Abstract: Understanding Campus Climate, Mental Health, and Academic Development Among LGBTQ2S+ University Students in Ontario (Society for Social Work and Research 25th Annual Conference - Social Work Science for Social Change)


Tuesday, January 19, 2021
* noted as presenting author
Michael Woodford, PhD, Associate Professor, Wilfrid Laurier University, Kitchener, ON, Canada
Simon Coulombe, PhD, Assistant Professor, Wilfrid Laurier University, Waterloo, ON, Canada
Zack Marshall, PhD, Assistant Professor, McGill University, Montreal, QC, Canada
Background: Though research on LGBTQ2S+ campus climate and student outcomes is growing, little is known about the role of intersecting identities and resilience factors, including institution-level factors. Moreover, because of the use of variable-centered analysis approaches (e.g., linear regression), extant research provides a fragmented picture by examining relationships between a few specific variables (e.g., discrimination and depression) rather than considering a set of climate and wellbeing indicators holistically and how their interrelationships vary between LGBTQ2S+ subgroups.

Guided by minority stress, positive psychology, intersectionality, and campus climate theories, among an Ontario-wide convenience sample of LGBTQ2S + university students, we identify profiles of campus climate and student wellbeing, both mental health and academic development, and examine how profile membership relates to students’ race, gender, and disability status, and multi-level resilience factors, namely campus LGBTQ2S+ policies/resources, social support, and LGBTQ2S+ pride.

Methods: We documented 23 LGBTQ2S+ policies/resources (e.g., name-change policy, LGBTQ2S+ center/group) by consulting officials at Ontario universities (N=20). We conducted an online survey with a convenience sample of LGBTQ2S+ students (N=3,878, M=21.9 years old, 84.3% undergraduate, 22.5% trans, 24.4% students of color, 23.9% living with a disability). Participants were recruited through outreach to student groups and unions, campus emails, posters, and social media. Participants could enter a random draw (103 e-gift-cards). Participants completed measures addressing experiential (e.g., microaggressions, victimization) and psychological (e.g., perceived safety, perceived university leadership support for LGBTQ2S+ students) campus climate, mental health (e.g., PHQ-4, Mental Health Continuum Short-Form), academic development (e.g., Academic Engagement, Intellectual Development), social support (Multidimensional Scale of Perceived Social Support), and LGBTQ2S+ pride. All scales demonstrated acceptable or better reliability. Using MPlus, we conducted latent profile analysis to identify subgroups of students with diverse patterns across 20 indicators.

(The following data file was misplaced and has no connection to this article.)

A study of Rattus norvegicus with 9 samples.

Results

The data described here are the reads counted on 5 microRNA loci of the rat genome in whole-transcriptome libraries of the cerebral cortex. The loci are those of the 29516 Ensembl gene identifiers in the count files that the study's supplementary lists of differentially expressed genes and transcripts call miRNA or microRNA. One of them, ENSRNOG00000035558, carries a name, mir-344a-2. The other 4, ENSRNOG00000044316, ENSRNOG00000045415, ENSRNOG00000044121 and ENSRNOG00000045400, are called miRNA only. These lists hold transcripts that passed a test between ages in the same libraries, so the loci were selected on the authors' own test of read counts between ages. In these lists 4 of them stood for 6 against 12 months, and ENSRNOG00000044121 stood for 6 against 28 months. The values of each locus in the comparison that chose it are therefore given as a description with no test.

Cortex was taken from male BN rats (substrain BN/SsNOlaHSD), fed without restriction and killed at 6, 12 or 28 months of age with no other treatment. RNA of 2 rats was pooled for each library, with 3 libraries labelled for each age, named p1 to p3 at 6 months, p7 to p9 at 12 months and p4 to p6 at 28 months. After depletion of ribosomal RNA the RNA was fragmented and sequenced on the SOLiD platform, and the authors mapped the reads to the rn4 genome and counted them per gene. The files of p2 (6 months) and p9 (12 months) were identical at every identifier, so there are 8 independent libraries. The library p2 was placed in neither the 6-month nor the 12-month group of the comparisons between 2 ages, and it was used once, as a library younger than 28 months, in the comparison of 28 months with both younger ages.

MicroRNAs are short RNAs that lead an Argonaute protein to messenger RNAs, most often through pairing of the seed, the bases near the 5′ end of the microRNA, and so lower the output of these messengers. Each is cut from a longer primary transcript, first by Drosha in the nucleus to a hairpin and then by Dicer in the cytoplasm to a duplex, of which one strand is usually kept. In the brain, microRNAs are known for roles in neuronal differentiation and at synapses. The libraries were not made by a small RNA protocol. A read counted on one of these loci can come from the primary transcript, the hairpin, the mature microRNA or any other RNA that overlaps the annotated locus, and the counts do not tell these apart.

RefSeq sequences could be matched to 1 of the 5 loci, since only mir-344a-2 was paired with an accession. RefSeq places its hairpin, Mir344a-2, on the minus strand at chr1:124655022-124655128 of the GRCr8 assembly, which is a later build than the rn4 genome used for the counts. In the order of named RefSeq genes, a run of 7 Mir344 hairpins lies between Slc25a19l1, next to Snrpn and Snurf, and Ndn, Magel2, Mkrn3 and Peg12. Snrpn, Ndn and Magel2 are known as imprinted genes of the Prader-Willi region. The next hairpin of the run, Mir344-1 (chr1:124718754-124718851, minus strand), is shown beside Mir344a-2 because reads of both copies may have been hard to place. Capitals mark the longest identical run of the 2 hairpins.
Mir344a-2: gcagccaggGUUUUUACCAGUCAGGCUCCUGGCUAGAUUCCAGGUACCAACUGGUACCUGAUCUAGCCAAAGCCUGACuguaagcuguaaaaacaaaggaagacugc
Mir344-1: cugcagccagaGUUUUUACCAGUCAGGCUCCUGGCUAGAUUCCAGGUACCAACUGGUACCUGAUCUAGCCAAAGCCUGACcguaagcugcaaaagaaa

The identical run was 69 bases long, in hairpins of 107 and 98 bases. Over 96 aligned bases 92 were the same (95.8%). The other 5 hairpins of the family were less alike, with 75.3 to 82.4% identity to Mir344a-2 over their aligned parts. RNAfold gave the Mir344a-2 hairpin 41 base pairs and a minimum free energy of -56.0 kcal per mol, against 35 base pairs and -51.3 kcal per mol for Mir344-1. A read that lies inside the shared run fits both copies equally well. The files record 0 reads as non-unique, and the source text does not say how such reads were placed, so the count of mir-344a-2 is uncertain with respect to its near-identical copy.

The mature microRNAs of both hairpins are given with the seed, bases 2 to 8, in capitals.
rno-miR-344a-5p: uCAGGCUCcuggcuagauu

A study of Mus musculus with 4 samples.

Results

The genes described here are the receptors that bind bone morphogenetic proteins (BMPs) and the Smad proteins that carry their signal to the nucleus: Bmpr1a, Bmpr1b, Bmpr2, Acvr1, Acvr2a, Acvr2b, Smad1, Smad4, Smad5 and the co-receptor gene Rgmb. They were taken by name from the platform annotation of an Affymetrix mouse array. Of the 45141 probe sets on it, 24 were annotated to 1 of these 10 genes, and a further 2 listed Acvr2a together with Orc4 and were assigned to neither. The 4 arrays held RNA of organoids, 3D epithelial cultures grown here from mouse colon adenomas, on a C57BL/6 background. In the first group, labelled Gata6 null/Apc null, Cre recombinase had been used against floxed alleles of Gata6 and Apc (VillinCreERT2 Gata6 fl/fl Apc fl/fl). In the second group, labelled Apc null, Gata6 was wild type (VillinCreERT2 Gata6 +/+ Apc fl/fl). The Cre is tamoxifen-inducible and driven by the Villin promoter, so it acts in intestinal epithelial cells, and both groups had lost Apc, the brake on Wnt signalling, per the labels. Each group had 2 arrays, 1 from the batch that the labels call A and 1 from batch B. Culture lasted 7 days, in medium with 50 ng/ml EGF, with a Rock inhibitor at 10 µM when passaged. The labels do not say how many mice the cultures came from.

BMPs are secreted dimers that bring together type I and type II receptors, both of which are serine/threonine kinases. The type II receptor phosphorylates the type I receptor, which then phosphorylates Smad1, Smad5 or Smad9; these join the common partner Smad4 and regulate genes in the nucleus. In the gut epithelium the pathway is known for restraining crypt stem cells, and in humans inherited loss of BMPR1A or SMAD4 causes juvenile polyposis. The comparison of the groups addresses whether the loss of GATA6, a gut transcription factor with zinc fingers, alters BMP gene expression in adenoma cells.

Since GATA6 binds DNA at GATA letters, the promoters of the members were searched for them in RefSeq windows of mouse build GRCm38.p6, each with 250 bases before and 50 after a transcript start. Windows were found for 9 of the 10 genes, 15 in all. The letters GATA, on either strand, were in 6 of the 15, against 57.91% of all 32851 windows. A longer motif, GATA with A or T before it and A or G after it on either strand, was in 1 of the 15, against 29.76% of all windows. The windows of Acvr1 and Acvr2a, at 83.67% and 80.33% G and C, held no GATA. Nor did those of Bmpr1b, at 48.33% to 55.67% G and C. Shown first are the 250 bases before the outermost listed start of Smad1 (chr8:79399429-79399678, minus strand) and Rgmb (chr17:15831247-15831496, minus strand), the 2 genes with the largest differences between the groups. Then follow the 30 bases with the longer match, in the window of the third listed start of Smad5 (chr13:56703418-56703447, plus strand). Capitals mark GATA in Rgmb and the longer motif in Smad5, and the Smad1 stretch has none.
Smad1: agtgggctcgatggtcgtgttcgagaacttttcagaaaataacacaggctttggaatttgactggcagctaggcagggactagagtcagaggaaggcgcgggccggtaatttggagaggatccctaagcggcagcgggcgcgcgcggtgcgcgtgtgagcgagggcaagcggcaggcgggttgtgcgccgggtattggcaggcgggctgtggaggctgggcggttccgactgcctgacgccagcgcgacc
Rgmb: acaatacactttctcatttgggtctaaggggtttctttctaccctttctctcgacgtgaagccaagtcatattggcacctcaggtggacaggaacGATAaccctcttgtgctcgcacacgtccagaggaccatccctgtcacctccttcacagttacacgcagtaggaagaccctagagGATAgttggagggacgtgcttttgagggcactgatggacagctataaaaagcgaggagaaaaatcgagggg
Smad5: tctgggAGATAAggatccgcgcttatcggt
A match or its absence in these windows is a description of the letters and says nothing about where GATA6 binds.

Results: Indices of fit and statistical tests (e.g., Adjusted Lo-Mendell-Rubin Likelihood Ratio) indicated that a 5-profile model demonstrated best fit and had adequate entropy (0.81). The profiles: (1) moderately positive climate and highest wellbeing (25.1% of the sample); (2) moderately positive climate and wellbeing (25.8%); (3) relatively neutral climate and poorest wellbeing (15.7%); (4) moderately negative climate and fair wellbeing (25.6%); (5) most negative climate and poor wellbeing (7.8%). Trans students, students of colour, and those with disabilities were more likely to be members of profiles 3 and 5. Higher levels of social support and pride were found among students in profiles 1 and 2. Select policies/resources were associated with particular profiles; for example wellness staff specialized in LGBTQ2S+ care and university staff person dedicated to LGBTQ2S+ programming were less likely to be available in the institutions of profile 3 participants.

Conclusions and Implications: The results show how multiple dimensions of climate, mental health, and academic development cluster for different students. The findings highlight the need to make campus environments more inclusive for trans students and LGBTQ2S+ students of color and those with disabilities and ensuring that academic and mental health services are responsive to their needs. The results also indicate the value of multi-level resilience factors in promotingLGBTQ2S+ students’ wellness. Implications for future research will be outlined.